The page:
When we saw the Mars acquisition of William Wrigley Jr. Co. (NYSE: WWY) in perhaps the largest food merger, the first thing that came to mind besides "what a premium" was "What does this do for the valuation of Hershey Co. (NYSE: HSY)." JPMorgan (NYSE: JPM) and Goldman Sachs (NYSE: GS) are providing the lion share of the financing for Mars, and the Oracle of Omaha will provide about $6.5 Billion in financing. The market cap for Wrigley was $17 Billion before the buyout and about $22 Billion after.
Before this deal, Wrigley was almost 15% off of its 52-week lows, and the buyout premium has this one up almost another 25% higher. This was approximately 20-times EBITDA and about 32-times 2008 consensus EPS estimates.
Hershey on the other hand closed Friday at $34.74, only 3.5% ahead of $33.54 low over the last year. Hershey trades at about 19-times 2008 consensus EPS estimates. According to Capital IQ, Herhey’s market cap is almost $7.9 Billion before any increase today and it notes that the EBITDA multiple is 9.8 based on the most recent data. Hershey was also only valued at half of the Wrigley market cap, so in theory financing would be easier to round up.
If all these comparisons are correct on an "on the fly" analysis, you could in theory say that the premiums could be 50% to 100% for Hershey. The problem is that Hershey has an earnings challenge and its stock was battered harder. Its raw material costs have escalated in recent years and its dependence on chocolate means its core ingredients are under the whims of some unstable regions in Africa. This would also not be much of a premium to the all-time highs. Lastly, it is believed by many that the Hershey family and descendants don’t want to ever give up.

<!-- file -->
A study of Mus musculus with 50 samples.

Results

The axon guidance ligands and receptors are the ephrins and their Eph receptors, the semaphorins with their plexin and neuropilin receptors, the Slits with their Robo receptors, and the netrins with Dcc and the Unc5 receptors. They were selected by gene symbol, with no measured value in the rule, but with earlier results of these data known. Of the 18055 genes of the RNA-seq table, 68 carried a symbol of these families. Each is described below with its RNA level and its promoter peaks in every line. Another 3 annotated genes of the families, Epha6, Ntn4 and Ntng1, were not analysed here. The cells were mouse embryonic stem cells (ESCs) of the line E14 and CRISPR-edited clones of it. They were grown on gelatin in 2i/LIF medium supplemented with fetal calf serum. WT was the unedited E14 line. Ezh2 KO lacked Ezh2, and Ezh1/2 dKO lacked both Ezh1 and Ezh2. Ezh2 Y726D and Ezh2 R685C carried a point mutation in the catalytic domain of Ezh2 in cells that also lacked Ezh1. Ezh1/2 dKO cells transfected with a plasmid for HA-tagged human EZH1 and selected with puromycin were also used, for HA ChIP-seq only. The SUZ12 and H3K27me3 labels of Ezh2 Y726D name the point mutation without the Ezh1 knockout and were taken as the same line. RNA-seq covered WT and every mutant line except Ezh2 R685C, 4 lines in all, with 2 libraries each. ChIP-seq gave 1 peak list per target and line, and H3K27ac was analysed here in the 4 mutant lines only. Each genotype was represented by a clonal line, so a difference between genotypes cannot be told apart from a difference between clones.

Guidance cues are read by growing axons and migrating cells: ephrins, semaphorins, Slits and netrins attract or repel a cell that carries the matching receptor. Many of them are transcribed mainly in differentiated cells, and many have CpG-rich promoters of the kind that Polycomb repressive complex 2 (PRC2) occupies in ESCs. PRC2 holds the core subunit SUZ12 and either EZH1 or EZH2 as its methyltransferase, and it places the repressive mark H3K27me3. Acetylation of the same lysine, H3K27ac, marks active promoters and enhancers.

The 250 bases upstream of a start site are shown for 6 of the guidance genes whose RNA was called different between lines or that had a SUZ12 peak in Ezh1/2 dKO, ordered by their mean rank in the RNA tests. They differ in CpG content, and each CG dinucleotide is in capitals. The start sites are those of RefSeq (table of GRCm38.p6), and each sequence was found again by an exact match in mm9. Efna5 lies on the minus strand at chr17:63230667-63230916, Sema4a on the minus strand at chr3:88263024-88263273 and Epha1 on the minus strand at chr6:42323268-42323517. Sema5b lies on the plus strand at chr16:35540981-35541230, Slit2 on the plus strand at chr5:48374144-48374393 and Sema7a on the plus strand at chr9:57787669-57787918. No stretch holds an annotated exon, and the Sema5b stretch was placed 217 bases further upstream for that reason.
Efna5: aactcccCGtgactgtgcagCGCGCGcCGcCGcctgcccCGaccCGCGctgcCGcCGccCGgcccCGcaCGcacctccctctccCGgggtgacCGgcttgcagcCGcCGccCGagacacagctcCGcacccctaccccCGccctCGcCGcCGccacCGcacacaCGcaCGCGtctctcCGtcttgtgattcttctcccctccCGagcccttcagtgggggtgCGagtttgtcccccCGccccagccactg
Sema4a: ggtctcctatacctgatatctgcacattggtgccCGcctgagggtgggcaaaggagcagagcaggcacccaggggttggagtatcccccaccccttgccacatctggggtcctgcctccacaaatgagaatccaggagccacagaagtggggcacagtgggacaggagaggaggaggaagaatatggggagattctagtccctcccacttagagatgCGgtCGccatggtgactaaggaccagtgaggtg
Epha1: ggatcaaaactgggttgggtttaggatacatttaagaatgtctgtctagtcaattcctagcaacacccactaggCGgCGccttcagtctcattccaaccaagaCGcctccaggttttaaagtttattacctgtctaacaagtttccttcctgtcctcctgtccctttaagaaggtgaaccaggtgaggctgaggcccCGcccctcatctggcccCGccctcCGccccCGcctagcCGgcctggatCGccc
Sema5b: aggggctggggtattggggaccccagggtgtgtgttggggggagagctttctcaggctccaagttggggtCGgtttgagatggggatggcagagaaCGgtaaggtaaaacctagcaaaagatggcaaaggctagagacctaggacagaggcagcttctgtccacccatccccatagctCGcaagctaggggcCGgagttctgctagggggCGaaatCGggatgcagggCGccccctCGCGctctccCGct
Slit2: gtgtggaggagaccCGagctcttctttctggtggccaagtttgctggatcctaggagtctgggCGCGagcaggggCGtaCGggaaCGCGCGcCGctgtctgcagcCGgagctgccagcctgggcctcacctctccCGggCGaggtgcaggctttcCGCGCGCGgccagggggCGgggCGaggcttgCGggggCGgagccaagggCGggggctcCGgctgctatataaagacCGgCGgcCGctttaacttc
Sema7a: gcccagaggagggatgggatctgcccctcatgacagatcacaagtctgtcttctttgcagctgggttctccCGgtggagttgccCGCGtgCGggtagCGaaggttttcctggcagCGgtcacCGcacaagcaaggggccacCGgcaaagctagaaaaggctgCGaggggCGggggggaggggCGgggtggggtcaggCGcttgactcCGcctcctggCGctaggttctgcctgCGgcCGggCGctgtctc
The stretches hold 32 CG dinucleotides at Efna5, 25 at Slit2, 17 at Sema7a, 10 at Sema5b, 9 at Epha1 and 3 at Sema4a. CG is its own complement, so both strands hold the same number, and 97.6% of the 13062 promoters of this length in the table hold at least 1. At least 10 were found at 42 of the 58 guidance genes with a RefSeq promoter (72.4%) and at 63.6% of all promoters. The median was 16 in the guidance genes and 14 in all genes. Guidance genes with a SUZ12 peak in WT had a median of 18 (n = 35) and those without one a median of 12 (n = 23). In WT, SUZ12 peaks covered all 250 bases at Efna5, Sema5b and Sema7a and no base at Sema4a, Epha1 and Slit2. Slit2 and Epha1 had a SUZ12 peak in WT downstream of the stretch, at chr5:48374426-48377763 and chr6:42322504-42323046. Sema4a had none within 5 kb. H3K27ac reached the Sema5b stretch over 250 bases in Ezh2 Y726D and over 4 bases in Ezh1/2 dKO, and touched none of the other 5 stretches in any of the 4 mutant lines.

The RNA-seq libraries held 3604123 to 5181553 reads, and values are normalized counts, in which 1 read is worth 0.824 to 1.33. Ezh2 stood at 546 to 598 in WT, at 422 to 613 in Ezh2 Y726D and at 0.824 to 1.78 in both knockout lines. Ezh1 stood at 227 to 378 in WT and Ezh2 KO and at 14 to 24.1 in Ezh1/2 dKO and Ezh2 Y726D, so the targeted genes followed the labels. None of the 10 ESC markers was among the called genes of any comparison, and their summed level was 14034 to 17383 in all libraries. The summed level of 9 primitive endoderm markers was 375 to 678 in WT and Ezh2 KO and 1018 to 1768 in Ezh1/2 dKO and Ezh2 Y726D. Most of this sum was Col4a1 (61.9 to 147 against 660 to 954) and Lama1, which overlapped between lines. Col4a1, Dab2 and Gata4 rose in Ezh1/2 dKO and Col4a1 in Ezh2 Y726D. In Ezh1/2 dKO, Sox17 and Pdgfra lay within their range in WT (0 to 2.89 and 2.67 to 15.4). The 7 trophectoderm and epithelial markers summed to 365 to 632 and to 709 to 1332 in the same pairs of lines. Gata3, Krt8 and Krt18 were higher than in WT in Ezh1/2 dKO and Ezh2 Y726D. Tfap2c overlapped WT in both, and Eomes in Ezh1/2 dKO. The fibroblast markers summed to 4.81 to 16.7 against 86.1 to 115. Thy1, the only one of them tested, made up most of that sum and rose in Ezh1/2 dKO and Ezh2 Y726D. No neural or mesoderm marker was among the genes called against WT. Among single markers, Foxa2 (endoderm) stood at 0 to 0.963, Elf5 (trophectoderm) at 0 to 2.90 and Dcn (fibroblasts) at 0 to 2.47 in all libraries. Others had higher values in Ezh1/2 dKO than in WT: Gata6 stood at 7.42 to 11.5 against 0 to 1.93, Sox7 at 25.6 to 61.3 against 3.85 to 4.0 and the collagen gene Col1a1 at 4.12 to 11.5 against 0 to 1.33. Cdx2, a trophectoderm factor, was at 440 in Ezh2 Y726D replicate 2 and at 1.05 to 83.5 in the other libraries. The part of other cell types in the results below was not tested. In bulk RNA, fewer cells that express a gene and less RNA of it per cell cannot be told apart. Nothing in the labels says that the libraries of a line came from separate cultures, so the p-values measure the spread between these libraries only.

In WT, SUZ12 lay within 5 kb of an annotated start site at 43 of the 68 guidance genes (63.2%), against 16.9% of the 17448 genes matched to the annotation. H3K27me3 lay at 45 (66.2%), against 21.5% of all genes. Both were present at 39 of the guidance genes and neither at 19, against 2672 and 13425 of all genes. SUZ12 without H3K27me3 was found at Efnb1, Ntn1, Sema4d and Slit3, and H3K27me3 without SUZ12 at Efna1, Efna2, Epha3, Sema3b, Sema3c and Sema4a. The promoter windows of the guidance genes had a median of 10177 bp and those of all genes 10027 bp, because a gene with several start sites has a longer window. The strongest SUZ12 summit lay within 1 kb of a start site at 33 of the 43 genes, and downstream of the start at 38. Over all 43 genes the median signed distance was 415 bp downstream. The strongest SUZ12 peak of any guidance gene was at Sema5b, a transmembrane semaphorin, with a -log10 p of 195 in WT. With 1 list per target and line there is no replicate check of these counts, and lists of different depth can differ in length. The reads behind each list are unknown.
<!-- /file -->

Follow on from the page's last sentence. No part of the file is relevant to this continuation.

What do these stocks have in common other than stickling their products in your mouth? Founding families still in charge or in at least a dominant role. When you have founding families in control or when you have dual classes of stock, about the only mergers that work are friendly mergers where the money for them is just too much to say no to. They generally want to be included for the future in the new company too for posterity. The only hostile deals that work in these cases are the hostile deals that turn friendly, still reward the families beyond imagination, and keep them at least somewhat on for posterity.
After looking over all of this with a quick look, we won’t say that Hershey is all of a sudden worth 50% more than it was Friday. In fact, it may not be worth significantly more than $40.00. But this Wrigley premium probably just raised the floor on Hershey for the time being.
Shares of Cadbury Schwepps plc (NYSE: CSG) are also indicated higher by 3% in pre-market trading. Hershey shares are indicated up about 5% pre-market.
April 28, 2008
Jon Ogg produces and edits the Special Situation Investing Newsletter; he does not own securities in the companies he covers.